Cervical cancer is a type of cancer that occurs in the cells of the cervix. This is the lower part of the uterus that connects to the vagina. According to the World Health Organization, cervical cancer is the fourth most common cancer among women globally. In 2020, there were an estimated 604,000 new cases and 342, 000 deaths reported. More than 95 percent of the cases are due to the human papillomavirus (HPV). It is important to understand that this type of cancer is preventable with primary prevention in the form of HPV vaccination, secondary prevention in form of screening and immediate medical assistance if necessary, and tertiary prevention treatment of invasive cancer. Armouring yourself with the knowledge about cervical cancer can help you spot early signs and understand what to do next. Read on to find more:
Types of Cervical Cancer
According to the National Cancer Institute, there are two types of cervical cancer. They are named after the type of cell where the cancer started. The first is known as the squamous cell carcinoma. This is the most common type of cervical cancer. Up to 90 percent of cases are squamous cell carcinomas. This develops from cells in the ectocervix.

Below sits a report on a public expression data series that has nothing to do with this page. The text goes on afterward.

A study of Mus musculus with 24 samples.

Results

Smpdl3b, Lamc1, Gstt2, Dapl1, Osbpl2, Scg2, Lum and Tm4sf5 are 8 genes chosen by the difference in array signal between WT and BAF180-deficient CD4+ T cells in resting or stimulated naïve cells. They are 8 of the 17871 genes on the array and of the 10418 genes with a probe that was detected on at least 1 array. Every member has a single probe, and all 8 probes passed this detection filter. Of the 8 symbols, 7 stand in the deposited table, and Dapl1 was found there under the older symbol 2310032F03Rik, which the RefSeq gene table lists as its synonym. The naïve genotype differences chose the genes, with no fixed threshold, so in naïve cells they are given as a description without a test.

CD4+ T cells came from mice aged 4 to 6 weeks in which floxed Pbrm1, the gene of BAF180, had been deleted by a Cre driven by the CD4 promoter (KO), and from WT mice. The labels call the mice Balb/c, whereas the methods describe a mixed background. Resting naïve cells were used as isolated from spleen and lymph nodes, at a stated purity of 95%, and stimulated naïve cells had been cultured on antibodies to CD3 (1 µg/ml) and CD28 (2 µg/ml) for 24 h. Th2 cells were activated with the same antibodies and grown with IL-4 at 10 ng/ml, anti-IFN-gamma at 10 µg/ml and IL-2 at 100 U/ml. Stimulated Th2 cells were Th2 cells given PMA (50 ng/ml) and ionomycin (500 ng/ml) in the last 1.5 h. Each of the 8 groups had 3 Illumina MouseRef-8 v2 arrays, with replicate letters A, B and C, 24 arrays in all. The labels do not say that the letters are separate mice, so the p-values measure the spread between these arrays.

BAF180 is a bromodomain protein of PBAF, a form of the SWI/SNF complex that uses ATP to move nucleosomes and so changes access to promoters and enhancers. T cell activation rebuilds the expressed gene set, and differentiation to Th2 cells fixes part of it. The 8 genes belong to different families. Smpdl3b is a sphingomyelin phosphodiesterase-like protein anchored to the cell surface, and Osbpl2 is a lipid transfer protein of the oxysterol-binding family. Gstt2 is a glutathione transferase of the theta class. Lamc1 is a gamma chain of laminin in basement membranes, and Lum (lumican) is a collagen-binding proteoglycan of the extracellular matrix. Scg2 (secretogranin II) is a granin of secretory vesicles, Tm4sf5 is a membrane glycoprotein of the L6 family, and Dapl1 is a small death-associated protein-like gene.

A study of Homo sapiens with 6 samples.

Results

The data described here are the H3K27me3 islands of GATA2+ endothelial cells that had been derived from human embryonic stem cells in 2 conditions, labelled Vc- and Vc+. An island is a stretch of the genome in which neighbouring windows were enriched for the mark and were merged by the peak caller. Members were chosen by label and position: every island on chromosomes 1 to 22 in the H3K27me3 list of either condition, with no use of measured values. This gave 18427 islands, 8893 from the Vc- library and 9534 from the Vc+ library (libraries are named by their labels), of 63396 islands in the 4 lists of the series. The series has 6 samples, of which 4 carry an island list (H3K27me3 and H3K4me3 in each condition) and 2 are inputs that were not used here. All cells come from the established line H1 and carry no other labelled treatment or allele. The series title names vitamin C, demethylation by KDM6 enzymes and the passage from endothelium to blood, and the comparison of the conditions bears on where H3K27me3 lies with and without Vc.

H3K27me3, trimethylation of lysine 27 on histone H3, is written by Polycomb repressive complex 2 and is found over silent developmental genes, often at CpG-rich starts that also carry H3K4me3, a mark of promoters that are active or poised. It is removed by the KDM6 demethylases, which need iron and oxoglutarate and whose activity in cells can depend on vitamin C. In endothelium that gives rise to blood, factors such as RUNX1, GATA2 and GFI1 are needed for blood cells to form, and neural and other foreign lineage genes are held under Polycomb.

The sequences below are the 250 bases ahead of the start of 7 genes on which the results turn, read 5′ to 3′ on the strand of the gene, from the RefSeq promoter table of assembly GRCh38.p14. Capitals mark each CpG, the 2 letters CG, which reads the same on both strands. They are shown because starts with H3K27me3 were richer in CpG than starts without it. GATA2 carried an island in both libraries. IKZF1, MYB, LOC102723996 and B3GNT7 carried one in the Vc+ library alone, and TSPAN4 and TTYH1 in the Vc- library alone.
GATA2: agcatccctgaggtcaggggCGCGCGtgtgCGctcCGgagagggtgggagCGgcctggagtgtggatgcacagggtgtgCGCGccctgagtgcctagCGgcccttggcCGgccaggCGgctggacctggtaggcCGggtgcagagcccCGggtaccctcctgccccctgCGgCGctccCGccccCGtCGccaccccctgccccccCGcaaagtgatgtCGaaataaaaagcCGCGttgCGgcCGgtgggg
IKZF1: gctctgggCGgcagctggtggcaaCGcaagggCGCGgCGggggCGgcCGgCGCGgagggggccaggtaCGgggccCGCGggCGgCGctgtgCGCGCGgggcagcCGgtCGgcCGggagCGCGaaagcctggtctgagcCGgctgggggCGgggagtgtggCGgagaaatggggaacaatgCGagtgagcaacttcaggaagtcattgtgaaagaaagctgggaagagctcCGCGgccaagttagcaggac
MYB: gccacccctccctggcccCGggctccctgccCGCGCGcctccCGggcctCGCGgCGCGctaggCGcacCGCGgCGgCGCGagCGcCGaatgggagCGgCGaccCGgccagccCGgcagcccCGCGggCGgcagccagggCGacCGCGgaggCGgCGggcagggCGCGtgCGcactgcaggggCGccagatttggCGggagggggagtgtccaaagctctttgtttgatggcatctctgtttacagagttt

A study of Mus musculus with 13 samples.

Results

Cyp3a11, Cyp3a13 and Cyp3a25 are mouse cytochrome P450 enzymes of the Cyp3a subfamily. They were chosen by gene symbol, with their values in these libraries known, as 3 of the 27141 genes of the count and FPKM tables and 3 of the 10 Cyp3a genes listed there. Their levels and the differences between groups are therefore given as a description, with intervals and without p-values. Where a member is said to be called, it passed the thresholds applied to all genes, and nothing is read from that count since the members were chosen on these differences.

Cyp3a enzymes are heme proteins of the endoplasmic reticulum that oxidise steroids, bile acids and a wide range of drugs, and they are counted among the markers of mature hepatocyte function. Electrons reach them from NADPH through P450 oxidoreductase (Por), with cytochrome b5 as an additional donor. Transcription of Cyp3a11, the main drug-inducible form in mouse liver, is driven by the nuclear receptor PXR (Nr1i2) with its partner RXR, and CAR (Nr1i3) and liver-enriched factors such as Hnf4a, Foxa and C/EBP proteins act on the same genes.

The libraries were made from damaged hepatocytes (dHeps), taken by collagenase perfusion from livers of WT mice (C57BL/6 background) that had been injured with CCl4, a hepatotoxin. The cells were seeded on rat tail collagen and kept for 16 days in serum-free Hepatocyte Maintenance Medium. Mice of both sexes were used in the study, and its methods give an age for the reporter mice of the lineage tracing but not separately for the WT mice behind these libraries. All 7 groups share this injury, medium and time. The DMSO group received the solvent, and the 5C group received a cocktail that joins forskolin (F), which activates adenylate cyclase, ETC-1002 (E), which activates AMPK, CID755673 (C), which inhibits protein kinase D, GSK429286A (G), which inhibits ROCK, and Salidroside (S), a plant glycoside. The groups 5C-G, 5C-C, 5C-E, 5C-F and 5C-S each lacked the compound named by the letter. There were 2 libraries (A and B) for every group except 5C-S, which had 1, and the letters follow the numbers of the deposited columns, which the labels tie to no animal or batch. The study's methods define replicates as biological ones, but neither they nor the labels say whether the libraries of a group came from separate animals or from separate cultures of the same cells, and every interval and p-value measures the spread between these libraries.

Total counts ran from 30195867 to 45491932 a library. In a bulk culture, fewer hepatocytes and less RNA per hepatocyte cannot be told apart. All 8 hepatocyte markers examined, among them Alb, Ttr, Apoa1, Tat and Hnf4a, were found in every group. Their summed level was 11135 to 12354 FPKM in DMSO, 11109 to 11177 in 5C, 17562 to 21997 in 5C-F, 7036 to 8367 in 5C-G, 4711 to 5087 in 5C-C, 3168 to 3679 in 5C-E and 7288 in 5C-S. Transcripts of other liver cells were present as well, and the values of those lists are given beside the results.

The second type of cervical cancer is called adenocarcinoma. This develops in the glandular cells of the endocervix. Clear cell adenocarcinoma is a rare type of cervical adenocarcinoma.
It is also vital to understand that sometimes, cervical cancer has features of both the types. When this happens, it is called mixed carcinoma or adenosquamous carcinoma. It is extremely rare for cancer to develop in other cells in the cervix.
Symptoms of Cervical Cancer
It might be hard to spot any signs or symptoms of cervical cancer early on. Advanced cervical cancer, however, may cause bleeding or discharge from the vagina that is not normal. In case you are experiencing any of the following it is best to visit a healthcare practitioner:
- Blood spots or light bleeding between or following periods
- Menstrual bleeding that is longer and heavier than usual
- Bleeding after intercourse, or a pelvic examination
- Increased vaginal discharge
- Pain during sexual intercourse
- Bleeding after menopause
- Unexplained, persistent pelvic and/or back pain
Diagnosis of Cervical Cancer
According to the Centers for Disease Control and Prevention, a person can be diagnosed for cervical cancer with the help of the HPV test and thepap test. This is also crucial in order to help prevent cervical cancer or find it early.
The HPV test looks for the virus known as human papillomavirus that can cause cell changes on the cervix. The cells collected during the test are sent to the laboratory to be tested for HPV.
The pap test also known as pap smear looks for precancers. The test looks for cell changes on the cervix that might become cervical cancer. The cells will be checked to see if they look normal.